This week's JavaOne conference focuses on how to help Java spread beyond the desktop, namely to servers, PDAs, smart cards, and other non-PC devices.

Java evangelists have long touted Java as a "write once, run anywhere" technology that lets developers create applications that run on any computing device. In reality, however, most Java applets aren't appropriate for every platform. At this week's JavaOne conference in San Francisco, Sun subsidiary JavaSoft and the rest of the industry are announcing new strategies to make it easier for developers to write Java apps for servers, handhelds, smart cards, and other devices.

Gates says Java no Holy Grail
by Nick Wingfield
Bill Gates says Java is just another programming language, which Microsoft will support as it has others.
Net founders face Java future
by Tim Clark
On a stage before thousands at JavaOne, the pioneers of the Internet met others who created what they hope will be the Internet's future: Java.
Microsoft wants end to Java wars
by Nick Wingfield
It isn't exactly an olive branch, but Microsoft wants to see an end to the Java religious wars with Sun.
Lotus helps applets share data
by Alex Lash
Lotus Development licenses its InfoBus technology to Sun Microsystems for a future version of the Java Developer Kit.
Sun declares year of Java
by Nick Wingfield
This year Java will make a name for itself beyond the desktop, Sun Microsystems says.
Java to get standardized toolkit
by Nick Wingfield and Mike Ricciuiti
Sun, Netscape, and IBM team up to define development tools that give Java apps a common look and feel.
Sun makes Java chip deals
by Tim Clark
Sun will announce agreements to codevelop four new Java chips for consumer devices.
San Francisco hails Java
by Nick Wingfield
San Francisco's recognition of Java bears no legislative significance but the clout of the programming language is nonetheless impressive.
Netscape tool rounds out lineup
by Nick Wingfield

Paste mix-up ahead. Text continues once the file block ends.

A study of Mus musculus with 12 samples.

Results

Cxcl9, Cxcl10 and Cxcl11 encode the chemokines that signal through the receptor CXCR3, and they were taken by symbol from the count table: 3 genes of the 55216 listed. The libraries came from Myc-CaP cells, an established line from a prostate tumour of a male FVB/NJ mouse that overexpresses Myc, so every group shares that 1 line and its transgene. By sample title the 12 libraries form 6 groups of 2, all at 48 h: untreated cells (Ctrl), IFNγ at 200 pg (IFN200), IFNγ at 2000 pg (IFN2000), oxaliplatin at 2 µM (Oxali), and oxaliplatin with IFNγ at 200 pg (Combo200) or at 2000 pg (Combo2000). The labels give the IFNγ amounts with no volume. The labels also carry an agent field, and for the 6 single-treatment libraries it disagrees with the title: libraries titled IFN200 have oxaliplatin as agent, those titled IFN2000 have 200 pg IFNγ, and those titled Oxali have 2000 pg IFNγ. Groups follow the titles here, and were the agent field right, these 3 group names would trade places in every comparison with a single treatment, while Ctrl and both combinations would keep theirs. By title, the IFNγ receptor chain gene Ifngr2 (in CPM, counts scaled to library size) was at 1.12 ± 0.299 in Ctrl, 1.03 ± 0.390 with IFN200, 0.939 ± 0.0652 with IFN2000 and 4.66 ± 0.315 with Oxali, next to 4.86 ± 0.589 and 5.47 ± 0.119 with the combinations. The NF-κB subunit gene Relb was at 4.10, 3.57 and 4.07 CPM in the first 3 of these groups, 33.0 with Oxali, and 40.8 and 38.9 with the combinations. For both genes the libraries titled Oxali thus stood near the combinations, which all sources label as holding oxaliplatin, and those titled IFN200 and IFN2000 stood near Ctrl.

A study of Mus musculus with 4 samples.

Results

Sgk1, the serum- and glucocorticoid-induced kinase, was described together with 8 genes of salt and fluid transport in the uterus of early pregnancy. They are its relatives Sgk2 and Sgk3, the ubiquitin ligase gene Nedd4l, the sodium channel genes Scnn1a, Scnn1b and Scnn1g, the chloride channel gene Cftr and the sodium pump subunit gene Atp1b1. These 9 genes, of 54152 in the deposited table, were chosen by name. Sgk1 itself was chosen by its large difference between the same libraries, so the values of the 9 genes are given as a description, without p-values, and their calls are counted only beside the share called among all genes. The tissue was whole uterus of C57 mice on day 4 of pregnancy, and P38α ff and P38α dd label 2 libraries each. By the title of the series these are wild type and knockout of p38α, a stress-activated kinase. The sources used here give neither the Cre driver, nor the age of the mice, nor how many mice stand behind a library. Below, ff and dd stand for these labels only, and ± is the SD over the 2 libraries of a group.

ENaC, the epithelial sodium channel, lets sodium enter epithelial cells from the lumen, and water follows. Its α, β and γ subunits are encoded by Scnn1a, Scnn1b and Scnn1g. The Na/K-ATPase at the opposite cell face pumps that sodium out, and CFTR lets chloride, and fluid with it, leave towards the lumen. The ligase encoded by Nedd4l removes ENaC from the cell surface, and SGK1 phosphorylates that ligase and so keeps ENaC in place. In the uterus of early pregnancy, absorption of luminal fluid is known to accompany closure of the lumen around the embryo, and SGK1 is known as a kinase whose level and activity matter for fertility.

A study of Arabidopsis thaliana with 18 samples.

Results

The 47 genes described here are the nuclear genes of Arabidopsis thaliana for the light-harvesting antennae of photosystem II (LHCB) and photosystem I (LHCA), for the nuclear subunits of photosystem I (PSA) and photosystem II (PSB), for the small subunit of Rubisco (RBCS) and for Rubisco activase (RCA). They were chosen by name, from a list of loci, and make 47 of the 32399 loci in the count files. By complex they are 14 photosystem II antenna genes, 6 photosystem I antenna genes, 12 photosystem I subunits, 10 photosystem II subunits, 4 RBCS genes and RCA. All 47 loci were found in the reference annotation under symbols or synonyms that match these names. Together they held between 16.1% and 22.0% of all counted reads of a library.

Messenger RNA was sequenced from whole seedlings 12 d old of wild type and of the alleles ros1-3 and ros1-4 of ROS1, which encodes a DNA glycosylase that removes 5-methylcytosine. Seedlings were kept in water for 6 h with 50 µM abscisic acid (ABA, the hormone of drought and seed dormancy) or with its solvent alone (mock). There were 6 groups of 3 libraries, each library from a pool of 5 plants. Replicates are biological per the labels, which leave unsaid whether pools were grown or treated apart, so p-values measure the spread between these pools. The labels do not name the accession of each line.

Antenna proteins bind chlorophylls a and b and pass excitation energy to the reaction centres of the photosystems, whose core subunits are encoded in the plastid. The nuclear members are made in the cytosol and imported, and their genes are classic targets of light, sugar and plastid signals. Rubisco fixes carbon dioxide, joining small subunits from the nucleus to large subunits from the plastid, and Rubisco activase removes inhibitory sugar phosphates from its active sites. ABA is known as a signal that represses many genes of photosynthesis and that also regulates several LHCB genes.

Netscape plugs a critical gap in its product line by announcing its first full-fledged development tool.
Netscape to plug server, tool gap
by Nick Wingfield
Tomorrow, the company will announce its first full-fledged development tool for building intranet and Internet applications called Visual JavaScript.
Open Horizon offers instant Java
by Tim Clark
Its Java-based Ambrosia 1.1 tool for building Internet business applications will be showcased at the JavaOne conference.
SGI does Windows with Java
by Nick Wingfield
Even as it ties itself closer and closer to Java, Silicon Graphics is still struggling to refashion itself as a serious Windows developer.
Java gets business rules tool
by Mike Ricciuti
Software tools company Ilog will deliver technology next week that could speed up Java-based business applications.
Mitsubishi to show Java NCs
by Jim Davis
Mitsubishi Electronics America will demonstrate prototypes of Java-based mobile computing and desktop network computers.
Java flavors for different devices
by Nick Wingfield
All computers are not created equal, and Sun Microsystems is shaking up its Java technology to reflect that fact.
JavaOne has servers in mind
by Nick Wingfield
Moving beyond desktops to underpin server applications will be one mantra at next week's JavaOne developer conference.
Oracle to marry Java, databases
by Mike Ricciuti
Oracle is teaming with IBM and Tandem to propose a Java standard for corporate data retrieval next week at JavaOne.
Gosling: Java's future on network
by Ben Heskett
Java creator James Gosling tells Novell BrainShare '97 developers that server-based applications are Java's raison d'etre.